That’s a stark contrast to the auction market, where buyers snap up anything relating to the former first lady, from her letters to her underwear.
John Reznikoff, a Connecticut-based dealer who has sold many Kennedy-related items, including the white Lincoln in which the Kennedys rode in Fort Worth before flying to Dallas, estimated that the notes Mr. Wells donated might have fetched as much as $75,000.
“It’s a really sexy document,” he said. “It has everything: her poise, her planning, her status as a fashion icon and, of course, the dark side.”
Mr. Wells, 54, who died unexpectedly in May following a medical procedure, was no stranger to Mrs. Kennedy’s mystique or its market value. When this reporter visited him at home, he pointed out a plate with an American eagle motif hanging on the wall — one of two he claimed to have bought at the blockbuster estate sale Mrs. Kennedy’s children held at Sotheby’s after her death in 1994.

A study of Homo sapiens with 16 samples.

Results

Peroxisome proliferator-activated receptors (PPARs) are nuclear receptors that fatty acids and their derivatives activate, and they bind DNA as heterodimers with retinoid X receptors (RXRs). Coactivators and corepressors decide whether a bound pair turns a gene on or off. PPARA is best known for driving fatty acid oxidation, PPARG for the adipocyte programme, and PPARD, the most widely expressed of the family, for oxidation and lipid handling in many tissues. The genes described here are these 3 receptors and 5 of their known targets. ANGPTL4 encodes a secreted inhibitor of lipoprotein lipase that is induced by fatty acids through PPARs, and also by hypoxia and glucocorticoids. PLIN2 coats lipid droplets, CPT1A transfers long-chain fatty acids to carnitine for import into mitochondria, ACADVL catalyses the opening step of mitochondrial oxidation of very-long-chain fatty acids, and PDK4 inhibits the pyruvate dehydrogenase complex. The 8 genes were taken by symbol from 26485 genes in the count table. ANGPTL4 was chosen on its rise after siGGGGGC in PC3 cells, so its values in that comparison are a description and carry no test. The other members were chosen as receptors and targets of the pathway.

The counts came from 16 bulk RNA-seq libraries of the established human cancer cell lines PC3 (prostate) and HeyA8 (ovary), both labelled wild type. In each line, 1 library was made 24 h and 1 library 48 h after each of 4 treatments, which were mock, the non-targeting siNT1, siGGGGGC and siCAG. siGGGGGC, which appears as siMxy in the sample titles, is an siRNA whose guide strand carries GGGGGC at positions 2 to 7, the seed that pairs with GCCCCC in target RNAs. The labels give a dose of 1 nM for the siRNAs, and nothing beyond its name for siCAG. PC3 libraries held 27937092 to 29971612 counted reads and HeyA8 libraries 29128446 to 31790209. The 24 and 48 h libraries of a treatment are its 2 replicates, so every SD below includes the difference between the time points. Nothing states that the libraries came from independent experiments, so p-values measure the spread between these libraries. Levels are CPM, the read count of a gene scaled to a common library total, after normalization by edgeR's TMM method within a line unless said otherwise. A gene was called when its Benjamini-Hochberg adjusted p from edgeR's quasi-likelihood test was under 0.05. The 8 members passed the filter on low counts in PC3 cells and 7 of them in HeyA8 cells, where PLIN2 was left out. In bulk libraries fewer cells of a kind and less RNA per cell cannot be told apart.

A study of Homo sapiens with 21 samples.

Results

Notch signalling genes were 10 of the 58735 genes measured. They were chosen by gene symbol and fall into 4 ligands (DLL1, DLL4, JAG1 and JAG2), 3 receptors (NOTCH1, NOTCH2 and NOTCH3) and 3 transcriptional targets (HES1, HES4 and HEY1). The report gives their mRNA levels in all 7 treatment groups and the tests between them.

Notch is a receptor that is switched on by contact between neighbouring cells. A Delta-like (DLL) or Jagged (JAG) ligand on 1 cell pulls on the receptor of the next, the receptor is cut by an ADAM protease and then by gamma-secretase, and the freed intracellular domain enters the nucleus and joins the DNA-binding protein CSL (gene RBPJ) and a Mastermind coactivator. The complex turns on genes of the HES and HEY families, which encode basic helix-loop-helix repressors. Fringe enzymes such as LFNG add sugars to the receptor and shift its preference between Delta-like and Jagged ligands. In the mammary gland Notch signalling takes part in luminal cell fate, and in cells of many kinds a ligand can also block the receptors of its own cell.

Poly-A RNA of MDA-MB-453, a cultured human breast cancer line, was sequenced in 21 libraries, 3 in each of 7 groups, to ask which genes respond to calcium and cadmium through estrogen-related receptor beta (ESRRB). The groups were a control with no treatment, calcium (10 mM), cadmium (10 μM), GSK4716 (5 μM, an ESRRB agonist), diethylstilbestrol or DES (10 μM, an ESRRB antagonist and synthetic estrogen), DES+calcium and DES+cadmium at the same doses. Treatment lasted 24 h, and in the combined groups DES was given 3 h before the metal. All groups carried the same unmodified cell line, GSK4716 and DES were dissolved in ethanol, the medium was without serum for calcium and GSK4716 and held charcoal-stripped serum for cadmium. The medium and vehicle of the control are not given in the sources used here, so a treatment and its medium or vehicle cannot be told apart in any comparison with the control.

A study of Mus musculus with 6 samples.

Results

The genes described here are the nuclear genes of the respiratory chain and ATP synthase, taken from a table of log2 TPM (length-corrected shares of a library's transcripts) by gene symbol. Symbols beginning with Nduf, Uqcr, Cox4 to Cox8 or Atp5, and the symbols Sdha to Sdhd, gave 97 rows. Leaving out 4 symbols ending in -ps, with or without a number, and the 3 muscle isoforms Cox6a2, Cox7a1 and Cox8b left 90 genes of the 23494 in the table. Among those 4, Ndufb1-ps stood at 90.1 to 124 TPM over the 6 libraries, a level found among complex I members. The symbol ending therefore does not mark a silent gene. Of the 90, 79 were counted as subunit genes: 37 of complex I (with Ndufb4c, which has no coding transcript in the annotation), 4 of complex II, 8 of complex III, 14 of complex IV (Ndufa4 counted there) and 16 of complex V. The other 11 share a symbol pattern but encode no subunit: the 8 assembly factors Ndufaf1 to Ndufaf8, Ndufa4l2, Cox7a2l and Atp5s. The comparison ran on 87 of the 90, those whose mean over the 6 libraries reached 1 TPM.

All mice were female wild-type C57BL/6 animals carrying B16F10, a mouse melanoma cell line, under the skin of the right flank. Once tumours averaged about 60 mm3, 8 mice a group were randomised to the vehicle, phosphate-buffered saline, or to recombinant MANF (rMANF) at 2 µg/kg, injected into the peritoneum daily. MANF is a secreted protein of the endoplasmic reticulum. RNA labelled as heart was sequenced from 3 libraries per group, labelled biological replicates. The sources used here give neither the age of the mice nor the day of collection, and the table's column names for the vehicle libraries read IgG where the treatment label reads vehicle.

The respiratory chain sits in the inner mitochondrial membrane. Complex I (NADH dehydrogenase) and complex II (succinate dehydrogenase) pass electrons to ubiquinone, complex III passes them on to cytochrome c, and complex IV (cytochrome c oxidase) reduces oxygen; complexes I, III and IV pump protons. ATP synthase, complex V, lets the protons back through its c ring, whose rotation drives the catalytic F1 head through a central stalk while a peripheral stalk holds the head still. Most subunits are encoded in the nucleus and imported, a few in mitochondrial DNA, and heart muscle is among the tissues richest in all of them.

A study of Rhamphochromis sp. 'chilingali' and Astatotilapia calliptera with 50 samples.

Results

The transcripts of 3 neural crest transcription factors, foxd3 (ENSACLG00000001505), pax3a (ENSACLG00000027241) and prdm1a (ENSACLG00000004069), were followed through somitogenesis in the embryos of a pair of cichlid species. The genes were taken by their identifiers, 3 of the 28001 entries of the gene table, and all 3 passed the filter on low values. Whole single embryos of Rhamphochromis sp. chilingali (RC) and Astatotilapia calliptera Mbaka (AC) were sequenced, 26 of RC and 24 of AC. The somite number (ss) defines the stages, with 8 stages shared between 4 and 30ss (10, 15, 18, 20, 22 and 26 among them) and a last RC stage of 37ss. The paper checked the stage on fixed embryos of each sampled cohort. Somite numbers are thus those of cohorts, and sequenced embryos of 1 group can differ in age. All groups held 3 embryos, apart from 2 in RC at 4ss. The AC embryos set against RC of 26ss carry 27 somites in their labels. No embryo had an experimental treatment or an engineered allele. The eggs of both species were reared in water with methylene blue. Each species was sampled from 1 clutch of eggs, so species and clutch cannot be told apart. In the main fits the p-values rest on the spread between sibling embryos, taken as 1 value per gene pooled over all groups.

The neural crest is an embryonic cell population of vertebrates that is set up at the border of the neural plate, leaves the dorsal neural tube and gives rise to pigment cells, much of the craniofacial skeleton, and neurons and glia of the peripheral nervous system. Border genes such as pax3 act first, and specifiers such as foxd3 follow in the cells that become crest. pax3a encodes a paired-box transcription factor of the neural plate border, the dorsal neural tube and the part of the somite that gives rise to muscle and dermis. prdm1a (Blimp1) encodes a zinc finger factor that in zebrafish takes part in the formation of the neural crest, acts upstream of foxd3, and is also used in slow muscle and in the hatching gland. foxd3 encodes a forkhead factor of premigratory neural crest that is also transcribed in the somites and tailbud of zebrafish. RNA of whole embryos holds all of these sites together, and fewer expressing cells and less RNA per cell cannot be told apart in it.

Mr. Wells, who worked as a caterer, and his sister sat at a table with their godmother, Shirley Ann Conover, and a housemate, mixing their own family stories with knowing gossip about various Kennedys. After the document surfaced, they recalled, they had tucked it inside a book about the former first lady for safekeeping.
“I’ve always been fascinated by her,” Mr. Wells said.
Just how Ms. Conover, a former employee of the Department of Veterans Affairs, came to have the notes is unclear. During the visit, she offered fragmented memories of her childhood in an orphanage in Washington and of her old apartment near the Russian Embassy, where she lived until moving in with Mr. Wells.